Countries With The Highest Taxes

By Tim Begany | September 19, 2011 AAA
Countries With The Highest Taxes

Although it's vital that politicians have a healthy debate about how to best solve America's money woes, the current debate may be giving the false impression that the U.S. is one of the most taxed nations on earth. That sure may seem like the case, but nothing could be further from the truth.


For the past couple years, federal tax revenues in the U.S. have only been about 15% of GDP, which is less than the post-World-War-II annual average of 18.5%. Our tax revenues are even lower than the 17.3% level achieved in 1984 under Ronald Reagan and he's one of the U.S. Presidents most often associated with low taxes. Federal tax revenues averaged 18.2% of GDP throughout Reagan's presidency.

Among 28 of the world's most advanced countries, the U.S. ranks 26th in tax revenues as a percentage of GDP, which sits at 24% according to the latest available data from the Organisation for Economic Co-operation and Development OECD (2010). Here are the top five, along with some details on why the taxes in these countries are the highest in the developed world.

Denmark
Tax revenues as a percentage of GDP: 48.2%
Why taxes there are so high: A big reason is the public sector is one of the world's largest, employing 30% of Denmark's full-time workers. By contrast, only about 8% of U.S. workers are in the public sector. A large public sector requires much higher tax revenues to maintain it. (Read Government Financial Careers: What To Expect.)

Sweden
Tax revenues as a percentage of GDP: 46.4%
Why taxes there are so high: Like most European countries, Sweden is very big on social services like heavily subsidized healthcare for all citizens, a fully financed education starting at age 6 and a guaranteed basic pension for all elderly citizens. Sweden's tax collection system is known for being extremely simple, with annual filing often consisting of nothing more than a text message to the Swedish Tax Agency.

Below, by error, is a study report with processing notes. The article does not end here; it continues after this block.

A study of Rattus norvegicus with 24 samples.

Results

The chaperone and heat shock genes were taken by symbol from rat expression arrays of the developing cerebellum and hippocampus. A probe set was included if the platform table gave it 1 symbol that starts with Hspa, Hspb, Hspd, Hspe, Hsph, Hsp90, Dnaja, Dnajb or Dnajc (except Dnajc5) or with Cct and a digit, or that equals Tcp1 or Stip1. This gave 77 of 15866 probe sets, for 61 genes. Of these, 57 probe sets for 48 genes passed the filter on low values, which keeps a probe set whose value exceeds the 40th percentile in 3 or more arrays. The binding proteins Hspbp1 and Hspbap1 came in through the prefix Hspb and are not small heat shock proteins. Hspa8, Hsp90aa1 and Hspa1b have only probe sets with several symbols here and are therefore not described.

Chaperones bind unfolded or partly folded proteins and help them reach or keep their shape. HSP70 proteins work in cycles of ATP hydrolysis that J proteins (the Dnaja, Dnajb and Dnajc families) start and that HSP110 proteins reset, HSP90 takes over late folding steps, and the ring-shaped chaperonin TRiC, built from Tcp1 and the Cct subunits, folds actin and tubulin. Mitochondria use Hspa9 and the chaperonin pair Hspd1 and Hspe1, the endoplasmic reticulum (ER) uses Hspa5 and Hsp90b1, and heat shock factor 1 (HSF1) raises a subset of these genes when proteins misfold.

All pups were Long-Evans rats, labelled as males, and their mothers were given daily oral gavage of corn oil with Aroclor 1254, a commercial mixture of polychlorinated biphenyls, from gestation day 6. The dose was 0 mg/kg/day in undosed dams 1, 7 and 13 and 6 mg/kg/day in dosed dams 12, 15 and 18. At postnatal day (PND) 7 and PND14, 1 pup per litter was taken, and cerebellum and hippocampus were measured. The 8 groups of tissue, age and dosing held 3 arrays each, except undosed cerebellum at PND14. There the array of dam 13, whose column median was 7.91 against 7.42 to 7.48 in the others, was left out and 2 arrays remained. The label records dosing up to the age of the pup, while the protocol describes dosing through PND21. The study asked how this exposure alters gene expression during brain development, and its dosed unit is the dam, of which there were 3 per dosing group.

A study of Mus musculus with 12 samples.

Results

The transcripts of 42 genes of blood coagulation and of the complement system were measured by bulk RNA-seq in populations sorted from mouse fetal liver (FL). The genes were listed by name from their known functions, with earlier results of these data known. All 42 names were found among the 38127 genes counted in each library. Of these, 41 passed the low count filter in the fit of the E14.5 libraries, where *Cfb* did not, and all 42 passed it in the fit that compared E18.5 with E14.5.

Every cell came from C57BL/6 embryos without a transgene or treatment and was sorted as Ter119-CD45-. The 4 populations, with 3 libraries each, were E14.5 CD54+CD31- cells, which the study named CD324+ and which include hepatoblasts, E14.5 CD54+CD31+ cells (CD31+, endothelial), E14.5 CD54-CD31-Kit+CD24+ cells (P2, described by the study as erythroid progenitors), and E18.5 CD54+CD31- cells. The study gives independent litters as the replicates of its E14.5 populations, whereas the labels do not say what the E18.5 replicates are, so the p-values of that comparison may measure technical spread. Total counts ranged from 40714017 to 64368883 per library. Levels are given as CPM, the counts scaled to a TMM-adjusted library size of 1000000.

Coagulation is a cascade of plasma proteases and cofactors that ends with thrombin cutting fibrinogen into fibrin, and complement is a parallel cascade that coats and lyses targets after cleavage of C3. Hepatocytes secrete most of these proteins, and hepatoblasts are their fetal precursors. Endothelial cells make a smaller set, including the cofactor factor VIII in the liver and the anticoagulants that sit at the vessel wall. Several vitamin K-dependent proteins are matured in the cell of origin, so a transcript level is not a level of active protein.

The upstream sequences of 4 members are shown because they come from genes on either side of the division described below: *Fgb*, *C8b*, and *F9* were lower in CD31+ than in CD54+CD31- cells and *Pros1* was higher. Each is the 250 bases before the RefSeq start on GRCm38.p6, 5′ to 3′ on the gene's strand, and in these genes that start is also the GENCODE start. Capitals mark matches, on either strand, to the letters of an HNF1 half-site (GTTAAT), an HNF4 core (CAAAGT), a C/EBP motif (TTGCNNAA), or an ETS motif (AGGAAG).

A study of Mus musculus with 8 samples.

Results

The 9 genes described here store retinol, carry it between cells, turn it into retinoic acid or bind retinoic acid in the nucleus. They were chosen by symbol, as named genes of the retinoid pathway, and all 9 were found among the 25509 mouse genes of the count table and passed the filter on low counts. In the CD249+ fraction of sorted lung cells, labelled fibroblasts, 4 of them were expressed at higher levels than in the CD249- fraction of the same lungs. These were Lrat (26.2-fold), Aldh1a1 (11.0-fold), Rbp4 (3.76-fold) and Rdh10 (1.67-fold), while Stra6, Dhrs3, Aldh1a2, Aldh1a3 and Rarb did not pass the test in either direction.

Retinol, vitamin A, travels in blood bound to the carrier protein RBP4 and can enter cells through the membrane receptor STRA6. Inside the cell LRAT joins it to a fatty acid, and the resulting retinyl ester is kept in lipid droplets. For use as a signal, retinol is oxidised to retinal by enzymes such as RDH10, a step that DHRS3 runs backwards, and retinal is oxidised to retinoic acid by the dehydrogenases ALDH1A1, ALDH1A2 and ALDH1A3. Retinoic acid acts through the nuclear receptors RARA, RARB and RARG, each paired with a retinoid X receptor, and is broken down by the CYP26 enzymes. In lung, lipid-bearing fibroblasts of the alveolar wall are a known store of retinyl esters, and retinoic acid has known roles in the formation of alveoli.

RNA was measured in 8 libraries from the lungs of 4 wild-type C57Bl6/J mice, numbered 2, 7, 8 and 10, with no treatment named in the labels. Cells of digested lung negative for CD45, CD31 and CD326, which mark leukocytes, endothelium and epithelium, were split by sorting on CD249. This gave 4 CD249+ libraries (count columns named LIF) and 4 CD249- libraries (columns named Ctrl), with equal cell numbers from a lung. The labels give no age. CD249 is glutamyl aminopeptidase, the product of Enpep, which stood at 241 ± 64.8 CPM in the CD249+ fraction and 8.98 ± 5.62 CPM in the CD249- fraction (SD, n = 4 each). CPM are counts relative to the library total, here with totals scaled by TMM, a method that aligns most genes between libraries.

Italy
Tax revenues as a percentage of GDP: 43.5%
Why taxes there are so high: Italy spends a lot on social services. Pension payments are 14% of GDP, which is the highest percentage in the OECD. Look for tax revenues as a percentage of GDP to climb even further in Italy as the government raises taxes to help balance the country's budget and reduce its crushing debt burden. (International investors need to be aware of the staggering correlation between tax rates and economic performance, check out How International Tax Rates Impact Your Investments.)

Belgium
Tax revenues as a percentage of GDP: 43.2%
Why taxes are so high there: As a country with a constitution that guarantees "the right to health," Belgium has an especially costly health care system to maintain. The government bears the bulk of the cost, with Belgian citizens paying only a small fee for care. Belgium also needs high tax revenues to keep up with its expenditures on infrastructure and industry subsidies.

Finland
Tax revenues as a percentage of GDP: 43.1%
Why taxes are so high there: Finland has high-quality, but expensive, healthcare and social security systems. The Finnish government also spends a lot on the country's education system, which is considered the best in Europe.

The Bottom Line
As a percentage of GDP, tax revenues in the U.S. are at historic lows and are far lower than those of most other developed countries. In addition to the ones mentioned here, those countries include Austria, France, Norway, The Netherlands, Hungary, Germany, Spain, Japan and more than a dozen others.